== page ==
The word "hydroponics" is derived from two Greek words: cidra, meaning water, and punikos, meaning labor; thus, literally "waterworks." Contrary to popular belief, hydroponic gardening is an ancient form of agriculture, going back 3,000 years. There are references to the cultivation of plants directly in water in Egyptian records dating back to the time of the New Kingdom and the "Woman-King," Pharoah Hatshepsut around 1460 BCE.

The best-known grow systems of the ancient world were the Hanging Gardens of Babylon. Also known as the Gardens of Semiramis, the Hanging Gardens operated on the principles of hydroponic gardening. Reputed to have been located near Al-Hillah in present-day Iraq, this elaborate grow system has become regarded as one of the Seven Wonders of the Ancient World.

The Hanging Gardens were built by King Nebuchadnezzar around 600 BCE. His wife, Amytis, was from Media, whose people were the ancestors of the modern Kurds. The country of Medea was a mountainous one, roughly corresponding to present-day Kurdistan, northern Iran and Azerbaijan. Legend says Amytis became homesick for the mountains and the flora of her homeland; Nebuchadnezzar had the Gardens constructed for her. According to Greek historians of the time, the Hanging Gardens, a water pipe led into a well tower, which supplied water via a number of vaults for fruit trees growing in a layer of asphalt.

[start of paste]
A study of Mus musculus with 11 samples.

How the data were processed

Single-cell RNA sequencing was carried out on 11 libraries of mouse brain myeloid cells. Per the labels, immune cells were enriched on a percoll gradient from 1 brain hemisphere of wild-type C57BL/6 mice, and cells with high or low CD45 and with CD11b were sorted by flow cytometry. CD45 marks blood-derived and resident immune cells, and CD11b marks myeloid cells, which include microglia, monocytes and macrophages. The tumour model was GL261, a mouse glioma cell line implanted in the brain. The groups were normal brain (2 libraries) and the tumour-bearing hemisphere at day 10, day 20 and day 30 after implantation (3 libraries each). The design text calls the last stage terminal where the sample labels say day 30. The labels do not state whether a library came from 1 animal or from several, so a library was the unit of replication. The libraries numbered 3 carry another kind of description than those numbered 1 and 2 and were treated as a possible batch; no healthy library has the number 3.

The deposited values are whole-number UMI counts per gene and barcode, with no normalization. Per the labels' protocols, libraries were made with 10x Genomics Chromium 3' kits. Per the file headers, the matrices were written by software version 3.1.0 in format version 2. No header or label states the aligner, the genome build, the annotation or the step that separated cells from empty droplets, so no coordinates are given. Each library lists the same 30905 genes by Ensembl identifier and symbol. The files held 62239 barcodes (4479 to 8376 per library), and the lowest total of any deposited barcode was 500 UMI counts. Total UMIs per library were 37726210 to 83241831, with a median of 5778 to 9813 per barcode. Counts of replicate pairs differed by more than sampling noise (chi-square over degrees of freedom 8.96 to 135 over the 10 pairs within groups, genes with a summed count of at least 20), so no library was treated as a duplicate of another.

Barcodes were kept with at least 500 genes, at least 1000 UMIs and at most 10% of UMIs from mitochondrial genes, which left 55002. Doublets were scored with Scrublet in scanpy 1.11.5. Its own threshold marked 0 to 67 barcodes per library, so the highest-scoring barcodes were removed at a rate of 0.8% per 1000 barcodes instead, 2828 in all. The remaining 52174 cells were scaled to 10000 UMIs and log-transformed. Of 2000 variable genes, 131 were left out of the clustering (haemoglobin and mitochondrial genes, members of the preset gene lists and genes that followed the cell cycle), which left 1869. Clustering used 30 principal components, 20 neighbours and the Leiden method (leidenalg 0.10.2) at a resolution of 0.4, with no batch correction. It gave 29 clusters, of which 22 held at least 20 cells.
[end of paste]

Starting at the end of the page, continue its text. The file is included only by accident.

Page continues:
Centuries later, Italian traveler Marco Polo, who reportedly visited China during the late 13th Century CE and introduced pasta to Italy, commented on what he called the "Floating Gardens." Around the same time on the other side of the world, the Mexica – one of the native peoples who later formed the Aztec Empire of Mexico – built a city called Tenochtitlan on the shores of Lake Texcoco. Where Mexico City stands today, the Mexica constructed an extensive urban center that included a type of early hydroponic system upon which plants were cultivated on the surface of the water. These early Mexican "floating gardens" were developed out of necessity, because arable land was at a premium in the area. Called chinampas, they were actually small, artificial islands that were created by scooping up mud from the marshy areas bordering the lakes. This mud was ultimately held together by tree roots; food plants were cultivated on these "islands," and were amazingly productive. more information please visit:

The modern history of hydroponics actually begins in 1627, when Sir Francis Bacon's Sylva Sylvarum was published posthumously. In this treatise, Bacon – an English philosopher and contemporary of Shakespeare – wrote about the cultivation of terrestrial plants without soil. Although Bacon died before his theories could be explored, the idea of water culture caught on as an area of scientific study throughout the remainder of the 17th Century. By the 1860s, German botanists Julius von Sachs and Wilhelm Knop had perfected the first nutrient solutions for soilless agriculture, and modern hydroponic gardening was born.